HAMILTON — Ravalli County Commissioner Chris Hoffman says a statement on Governor Bullock's order for masks to be worn in public wasn't an attempt to rebel against any health directives, but just to ask people to respect different opinions.
KPAX talked with the commissioner about last week's release and the county's effort to try and resolve growing conflicts.
When Governor Steve Bullock issued his directive for people to wear masks when out in public last week it accelerated the already raging debate over masks and the spread of COVID-19. In smaller counties like Ravalli, that dispute is especially vociferous, leading to confrontations as businesses try to follow the guidelines.
"Now we're seeing a division between people who want to wear masks and believe it will help, and those that just don't think the numbers add up. And we've got a division now between people that are being called "maskers" and people that are being called "never maskers"," said Ravalli County Commissioner Chris Hoffman. "It seems like we can't avoid politics in any part of our daily lives anymore. And there's a lot of upset in every community, I think across the nation. And we were trying to just remind people to respect everybody's opinion."
But that joint statement from the commissioners, and Sheriff Steve Holton, wasn't that well-received by some people.
Although it used similar wording as the governor, the statement the county wouldn't be "enforcing" the mandate was taken by some as Ravalli County "ignoring" the state directive and was at least partly responsible for the sudden resignation by Ravalli County Health Officer Carol Calderwood.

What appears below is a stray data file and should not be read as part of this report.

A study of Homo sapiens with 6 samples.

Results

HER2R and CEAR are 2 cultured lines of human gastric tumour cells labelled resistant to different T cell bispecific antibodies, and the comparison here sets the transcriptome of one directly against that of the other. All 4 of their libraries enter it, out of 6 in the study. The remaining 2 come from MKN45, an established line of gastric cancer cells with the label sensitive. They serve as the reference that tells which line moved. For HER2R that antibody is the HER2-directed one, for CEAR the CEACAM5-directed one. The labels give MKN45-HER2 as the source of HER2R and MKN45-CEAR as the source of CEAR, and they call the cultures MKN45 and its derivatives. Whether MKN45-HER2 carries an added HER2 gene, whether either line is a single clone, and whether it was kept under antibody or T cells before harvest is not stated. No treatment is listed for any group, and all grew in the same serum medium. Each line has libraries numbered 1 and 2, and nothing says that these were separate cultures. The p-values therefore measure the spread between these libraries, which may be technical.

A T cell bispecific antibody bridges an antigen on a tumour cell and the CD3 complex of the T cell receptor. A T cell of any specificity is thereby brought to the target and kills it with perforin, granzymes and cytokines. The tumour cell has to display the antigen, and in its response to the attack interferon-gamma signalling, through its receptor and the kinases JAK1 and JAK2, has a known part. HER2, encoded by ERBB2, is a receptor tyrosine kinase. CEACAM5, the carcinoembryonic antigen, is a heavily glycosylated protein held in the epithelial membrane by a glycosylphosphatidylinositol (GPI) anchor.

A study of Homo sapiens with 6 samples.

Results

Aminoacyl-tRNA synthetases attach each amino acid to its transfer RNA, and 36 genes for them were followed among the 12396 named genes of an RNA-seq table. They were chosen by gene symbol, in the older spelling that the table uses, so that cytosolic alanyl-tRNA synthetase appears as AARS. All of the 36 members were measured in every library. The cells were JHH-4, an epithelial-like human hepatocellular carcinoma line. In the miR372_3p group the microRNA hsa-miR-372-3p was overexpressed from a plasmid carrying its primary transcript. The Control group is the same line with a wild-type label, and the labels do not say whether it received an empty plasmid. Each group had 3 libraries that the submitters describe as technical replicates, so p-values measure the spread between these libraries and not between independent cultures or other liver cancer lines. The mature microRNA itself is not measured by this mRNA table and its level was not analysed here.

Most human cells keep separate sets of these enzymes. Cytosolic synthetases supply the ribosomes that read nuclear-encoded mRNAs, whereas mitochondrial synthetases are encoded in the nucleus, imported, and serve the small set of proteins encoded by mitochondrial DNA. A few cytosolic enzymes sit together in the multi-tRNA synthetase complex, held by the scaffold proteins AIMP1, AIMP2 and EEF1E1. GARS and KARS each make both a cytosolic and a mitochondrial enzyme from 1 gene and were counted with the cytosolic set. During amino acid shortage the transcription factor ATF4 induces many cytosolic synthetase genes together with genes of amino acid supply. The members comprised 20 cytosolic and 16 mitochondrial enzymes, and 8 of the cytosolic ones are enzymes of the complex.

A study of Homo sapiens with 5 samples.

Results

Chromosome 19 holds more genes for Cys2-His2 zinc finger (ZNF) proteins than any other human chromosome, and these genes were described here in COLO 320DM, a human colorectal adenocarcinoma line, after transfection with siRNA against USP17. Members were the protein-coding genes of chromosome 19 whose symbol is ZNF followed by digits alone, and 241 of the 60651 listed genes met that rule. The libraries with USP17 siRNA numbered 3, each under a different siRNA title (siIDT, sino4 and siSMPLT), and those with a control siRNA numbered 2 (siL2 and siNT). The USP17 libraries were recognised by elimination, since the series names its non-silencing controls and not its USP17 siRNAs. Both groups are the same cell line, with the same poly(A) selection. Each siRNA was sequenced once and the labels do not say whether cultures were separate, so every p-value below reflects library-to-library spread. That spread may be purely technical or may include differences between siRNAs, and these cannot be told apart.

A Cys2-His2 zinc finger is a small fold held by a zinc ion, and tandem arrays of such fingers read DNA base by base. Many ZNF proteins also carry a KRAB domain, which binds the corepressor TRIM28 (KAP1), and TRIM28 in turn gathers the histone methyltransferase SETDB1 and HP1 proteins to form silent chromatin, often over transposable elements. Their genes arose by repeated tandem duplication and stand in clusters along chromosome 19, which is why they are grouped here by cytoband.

"It in no way was us flouting directives from public health or anywhere else," said Hoffman. "It was just basically it should be taken at face value. That there will be people that will choose to not follow the directives. At least my intent in signing on to that and helping to write it was to try to unify the community to just calm down a little bit."
Hoffman, who spent years as Ravalli County sheriff, says the pandemic has presented local governments with some unique challenges, pointing to gaps in the way state law addresses health emergencies. He hopes those will be addressed in future legislation, but for now, the call is for clarity and consideration.
"There's just a lot of hostility and I think it's primarily born of the stress of the situation and I think that's what we were just trying to remind people that everybody has a right to their opinion and to just respect one another," said Hoffman.
Hoffman says "all of us should be disturbed" over the conflicts we've seen around the state and the way that's impacted local business.